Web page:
Prevention Helps Keep Kids Safe

Almost 35 million children visited an emergency department in 1992. Yet a recent survey commissioned by the American College of Emergency Physicians (ACEP) and The Upjohn Company found that only one our of five families with children say they have discussed with their regular doctor what to do in a medical emergency and only one-third say they feel "very well prepared to handle an emergency".

"One of the most important gifts you can give your children is the knowledge of how to recognize and respond to medical emergencies," says Robert Schafermeyer, MD, FACEP, an emergency physician in North Caroline and chair of the ACEP Pediatric Emergency Medicine Committee.

"Whether children are home alone with with a sitter, parents can help ensure their safety by making sure every family member is prepared for an emergency," says Schafermeyer. The American College of Emergency Physicians recommends that parents take the following steps:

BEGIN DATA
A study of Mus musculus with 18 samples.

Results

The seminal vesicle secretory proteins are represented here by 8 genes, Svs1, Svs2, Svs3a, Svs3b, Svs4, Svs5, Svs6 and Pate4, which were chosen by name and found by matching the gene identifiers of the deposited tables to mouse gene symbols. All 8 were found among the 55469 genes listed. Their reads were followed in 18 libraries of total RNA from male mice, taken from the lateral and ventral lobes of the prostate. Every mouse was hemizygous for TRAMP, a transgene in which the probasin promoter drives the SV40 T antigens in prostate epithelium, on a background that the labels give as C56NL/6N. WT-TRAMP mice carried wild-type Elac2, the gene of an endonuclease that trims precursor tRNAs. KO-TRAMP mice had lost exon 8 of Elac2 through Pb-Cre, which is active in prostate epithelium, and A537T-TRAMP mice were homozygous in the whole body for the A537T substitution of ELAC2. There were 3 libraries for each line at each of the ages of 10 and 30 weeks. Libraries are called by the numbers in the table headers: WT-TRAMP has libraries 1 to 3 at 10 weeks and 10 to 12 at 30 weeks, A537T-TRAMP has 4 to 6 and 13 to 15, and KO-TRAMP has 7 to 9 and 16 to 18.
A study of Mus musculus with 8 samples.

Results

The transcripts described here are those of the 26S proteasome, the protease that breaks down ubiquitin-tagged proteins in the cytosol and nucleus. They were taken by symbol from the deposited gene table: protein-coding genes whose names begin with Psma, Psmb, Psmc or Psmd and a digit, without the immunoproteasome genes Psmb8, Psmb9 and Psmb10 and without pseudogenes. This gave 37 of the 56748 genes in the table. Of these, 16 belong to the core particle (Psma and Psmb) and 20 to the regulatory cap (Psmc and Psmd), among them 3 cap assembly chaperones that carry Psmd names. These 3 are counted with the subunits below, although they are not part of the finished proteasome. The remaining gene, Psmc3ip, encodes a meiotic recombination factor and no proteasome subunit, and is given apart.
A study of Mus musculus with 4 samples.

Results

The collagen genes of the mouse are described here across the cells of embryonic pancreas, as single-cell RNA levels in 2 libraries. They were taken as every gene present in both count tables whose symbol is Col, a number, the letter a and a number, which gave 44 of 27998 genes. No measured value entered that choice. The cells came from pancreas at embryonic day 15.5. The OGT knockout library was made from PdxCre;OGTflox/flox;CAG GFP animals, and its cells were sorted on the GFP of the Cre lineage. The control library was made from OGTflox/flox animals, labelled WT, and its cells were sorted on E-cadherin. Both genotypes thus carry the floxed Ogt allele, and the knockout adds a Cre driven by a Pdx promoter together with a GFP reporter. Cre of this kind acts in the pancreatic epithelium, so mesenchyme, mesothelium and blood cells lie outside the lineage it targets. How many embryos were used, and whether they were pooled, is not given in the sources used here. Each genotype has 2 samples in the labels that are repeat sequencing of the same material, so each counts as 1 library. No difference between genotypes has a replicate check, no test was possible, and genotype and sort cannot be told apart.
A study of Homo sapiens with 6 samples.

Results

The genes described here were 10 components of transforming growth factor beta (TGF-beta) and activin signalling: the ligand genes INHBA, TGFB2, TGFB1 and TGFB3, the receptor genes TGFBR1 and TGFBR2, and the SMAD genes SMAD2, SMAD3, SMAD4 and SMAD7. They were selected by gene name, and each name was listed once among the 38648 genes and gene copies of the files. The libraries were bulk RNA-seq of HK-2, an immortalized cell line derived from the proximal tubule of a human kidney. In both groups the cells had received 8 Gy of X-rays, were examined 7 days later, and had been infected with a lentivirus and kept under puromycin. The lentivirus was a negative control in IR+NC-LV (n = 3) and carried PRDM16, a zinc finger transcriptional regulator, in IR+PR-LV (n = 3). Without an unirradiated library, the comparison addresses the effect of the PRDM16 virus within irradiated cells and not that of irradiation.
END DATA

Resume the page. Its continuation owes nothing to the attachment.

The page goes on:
Use your doctor or pediatrician to learn about emergency care in your community, get preventive care such as immunizations and treat minor illnesses before they become serious.

Make sure every child knows how to call for help. If your community does not have the 9-1-1 emergency number, post the seven-digit emergency numbers for emergency medical services, police, fire and the poison control center near every phone.

Make prevention a priority. Lock away all poisons, harmful products and weapons. Safety belts, child safety seats, and bike helmets are just a few ways to prevent injuries.

Keep a first aid kit and a manual in a handy place. Make sure all family members and sitters know where the kit is located.

Leave a consent-to-treat form for each child with the sitter, and attach your child's medical information.

To receive a free copy of a consent-to-treat form, a list of items that belong in a home first aid kit, and the brochure What You Should Know About Emergency Care, send a business-size, stamped self-addressed envelope to: Prevention, American College of Emergency Physicians, 900 17th St. NW, Suite 1250, Washington, DC 20006.